A quiet Christmas, with Deadlines…

A quiet Christmas, with Deadlines…

When I got the idea to milk other people’s sheep, I created a lot or problems for myself. One is that sheep get ill and when they are taking certain veterinary drugs (antibiotics, wormers, etc) they cannot be milked for a given ‘withdrawal period’. How to easily tell which sheep must not be milked without bothering the farmer?

Luckily all sheep in the UK now have electronic tags in their ears. There is a very expensive animal tag reader that links to a very expensive database. Worst of all, the database isn’t structured to help solve my problem.

My solution – do it myself. I’ve spent a lot of time over the last few months putting together a few open source hardware boards to make an electronic animal tag reader. It talks to a database that I’ve designed to run on my iPhone. It has been VERY fun, but all good things have a deadline and I’d been a bit complacent over getting the database tidied up and the electronics fitted into a nice waterproof box. Between 24th December and 2nd of January, that all changed…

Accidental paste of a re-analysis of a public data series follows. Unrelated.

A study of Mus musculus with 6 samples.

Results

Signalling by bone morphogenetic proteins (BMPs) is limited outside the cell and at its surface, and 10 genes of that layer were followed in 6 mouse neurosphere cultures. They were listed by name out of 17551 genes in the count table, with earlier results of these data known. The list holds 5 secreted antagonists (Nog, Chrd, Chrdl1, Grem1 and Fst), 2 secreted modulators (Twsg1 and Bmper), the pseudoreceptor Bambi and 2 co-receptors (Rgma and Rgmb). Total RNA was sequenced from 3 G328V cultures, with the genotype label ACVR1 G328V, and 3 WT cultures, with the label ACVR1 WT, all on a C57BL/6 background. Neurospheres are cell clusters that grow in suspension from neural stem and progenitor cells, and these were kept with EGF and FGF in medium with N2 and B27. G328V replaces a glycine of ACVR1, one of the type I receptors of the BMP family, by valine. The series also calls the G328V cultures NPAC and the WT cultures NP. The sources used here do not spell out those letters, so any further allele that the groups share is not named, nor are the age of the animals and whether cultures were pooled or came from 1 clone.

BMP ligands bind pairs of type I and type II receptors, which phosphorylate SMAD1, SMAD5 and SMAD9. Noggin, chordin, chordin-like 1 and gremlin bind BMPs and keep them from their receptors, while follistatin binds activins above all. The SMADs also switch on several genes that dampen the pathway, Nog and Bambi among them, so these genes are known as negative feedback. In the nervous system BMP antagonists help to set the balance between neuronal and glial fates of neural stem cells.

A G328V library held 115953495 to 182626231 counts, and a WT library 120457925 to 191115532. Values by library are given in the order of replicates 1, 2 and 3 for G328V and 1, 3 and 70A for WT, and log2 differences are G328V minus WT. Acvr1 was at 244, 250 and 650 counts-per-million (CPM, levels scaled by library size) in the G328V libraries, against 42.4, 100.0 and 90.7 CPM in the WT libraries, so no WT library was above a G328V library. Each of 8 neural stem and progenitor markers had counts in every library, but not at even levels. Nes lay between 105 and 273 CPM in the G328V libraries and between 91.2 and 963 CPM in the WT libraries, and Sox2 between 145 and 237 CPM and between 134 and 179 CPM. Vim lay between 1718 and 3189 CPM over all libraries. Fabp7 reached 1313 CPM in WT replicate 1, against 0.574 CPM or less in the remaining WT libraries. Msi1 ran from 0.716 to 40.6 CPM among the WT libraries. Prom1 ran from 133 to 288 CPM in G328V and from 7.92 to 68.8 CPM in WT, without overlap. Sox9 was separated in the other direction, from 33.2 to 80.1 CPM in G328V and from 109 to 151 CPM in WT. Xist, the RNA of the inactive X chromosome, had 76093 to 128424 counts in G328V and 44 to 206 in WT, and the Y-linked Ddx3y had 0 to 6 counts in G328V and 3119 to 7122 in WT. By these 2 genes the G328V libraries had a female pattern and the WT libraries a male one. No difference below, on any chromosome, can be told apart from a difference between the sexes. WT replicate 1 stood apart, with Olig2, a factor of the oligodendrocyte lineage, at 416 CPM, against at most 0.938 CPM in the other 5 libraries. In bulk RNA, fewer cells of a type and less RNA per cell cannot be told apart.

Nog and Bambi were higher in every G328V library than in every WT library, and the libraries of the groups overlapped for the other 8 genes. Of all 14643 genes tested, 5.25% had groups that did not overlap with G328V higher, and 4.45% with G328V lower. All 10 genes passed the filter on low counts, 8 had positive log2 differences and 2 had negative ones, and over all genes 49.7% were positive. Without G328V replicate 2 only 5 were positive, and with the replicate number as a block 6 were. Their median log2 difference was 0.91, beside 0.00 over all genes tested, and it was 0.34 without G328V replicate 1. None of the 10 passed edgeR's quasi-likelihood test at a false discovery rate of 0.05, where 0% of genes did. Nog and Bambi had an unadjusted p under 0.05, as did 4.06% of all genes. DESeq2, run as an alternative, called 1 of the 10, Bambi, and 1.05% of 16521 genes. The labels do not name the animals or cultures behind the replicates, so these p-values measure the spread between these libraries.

magicWandBeginning

This was very fun – the dreaming stage – just designing and playing.

Then Tara told me that they were scanning their Ewes on 2nd January 2016. Great opportunity to test out my portable system. (Yikes!)

So I went from the breadboard stage (above) to getting it into the box. It was a much tighter fit than I’d hoped. Thank goodness for electrical tape.

intoTheBox

But of course, the other tight fit is in the cabin. Mike always yells at me for soldering on our chopping board. I call this ‘from breadboard to breadboard’. Date: 1st January, guilty as charged.

breadboardTobreadboard

And luckily I made the deadline. There are the Closewool girls, lining up to get their ultrasound scans. Pen to the left is the ‘barreners’. The lucky girls that get to meet their boyfriends one more time.

realSheepScanning

 

That’s me, reading their ear tags. It went VERY well! More design on the box needed, and found out my clever idea for a light portable battery means I needed to literally touch the tag to get a reading. Buying a bigger, heavier battery pack tomorrow. Still, I managed to read 265 out of 268 tags into a database. What happened to the other 3? Don’t know.

scanningSheep

 

A very successful experiment. And no, I haven’t forgotten we are still building a house. We’re getting underfloor heating installed on the first floor this week!